Thai teachers' Toeic test Twitter tiff

Thai candidates wanting to work as teachers in rural areas have taken to social media to decry the English language levels demanded by the government, Melanie Butler reports.

Under the Teachers Return Home scheme, candidates wishing to teach in their home towns must show both knowledge of their own subject and proficiency in English measured on international exams, khaosodenglish.com reports.

The hashtag #Teachersreturnhome trended top on Thai Twitter as would-be teachers demanded that the required US Toiec score be reduced from an average of 400 to 250 in reading and listening.

‘Testing is useless. We don’t have to use it [English]. What is the reason for that?' tweeted user Wankhangna Tongkaotorpai.

The Thai Twitterati did not agree, arguing that teachers should have good levels of English whatever their subject. ‘Oh my god. Now I understand why kids from the provinces have such poor English,’ wrote Twitter user @brie_pie

The teachers, though, may have a point. According to Educational Testing Service (ETS), the US exam giant which owns Toeic, a score of 400 on Toeic reading and listening is borderline B2/C1 on the Common European Framework of Reference.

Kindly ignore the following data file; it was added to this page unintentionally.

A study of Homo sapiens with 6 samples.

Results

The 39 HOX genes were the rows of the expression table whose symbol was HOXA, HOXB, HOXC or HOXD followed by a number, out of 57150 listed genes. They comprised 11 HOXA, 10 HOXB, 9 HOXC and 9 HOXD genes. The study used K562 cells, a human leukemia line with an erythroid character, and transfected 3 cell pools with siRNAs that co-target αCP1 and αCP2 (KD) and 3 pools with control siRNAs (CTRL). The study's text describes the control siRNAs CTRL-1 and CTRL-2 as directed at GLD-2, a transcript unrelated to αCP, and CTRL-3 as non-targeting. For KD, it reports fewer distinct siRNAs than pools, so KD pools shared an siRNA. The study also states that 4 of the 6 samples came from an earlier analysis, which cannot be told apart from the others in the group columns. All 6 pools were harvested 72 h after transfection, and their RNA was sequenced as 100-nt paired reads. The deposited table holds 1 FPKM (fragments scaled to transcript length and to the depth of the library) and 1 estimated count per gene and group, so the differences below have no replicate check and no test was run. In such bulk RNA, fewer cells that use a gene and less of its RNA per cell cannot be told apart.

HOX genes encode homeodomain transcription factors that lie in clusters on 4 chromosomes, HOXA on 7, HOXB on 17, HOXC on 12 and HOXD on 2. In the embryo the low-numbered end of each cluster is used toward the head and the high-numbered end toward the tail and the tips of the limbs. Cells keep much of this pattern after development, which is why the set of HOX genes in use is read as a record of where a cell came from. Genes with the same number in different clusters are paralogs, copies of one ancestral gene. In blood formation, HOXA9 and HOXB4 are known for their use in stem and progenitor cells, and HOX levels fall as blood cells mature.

This is a level that most European countries only require for language specialists or CLIL subject teachers. While English medium subject teaching is an option in some Thai secondary schools, these programmes are unlikely to be accessible to most rural schoolchildren.

Nor is the teachers’ suggested Toeic score of 250 - borderline A2/B1 - particularly out of line with levels required by those taking the alternative international tests.

Teachers who opt to take Toeic’s sister test Toefl IBT are asked for a score of 40, which is only a B1. Or candidates can choose to take Ielts, where they only need 3.5, again below B1. It is described by Ielts as the level of an ‘Extremely limited user of English’.

So why all the fuss about Toeic? Perhaps because the other exams cover all four skills and have a bigger range of task types than Toeic, which uses only multiple choice items for its reading and listening test.

Or perhaps it is the cost of test which candidates have to meet themselves. A two-skill Toeic test costs just £45 in Thailand, significantly less than the four skill test options.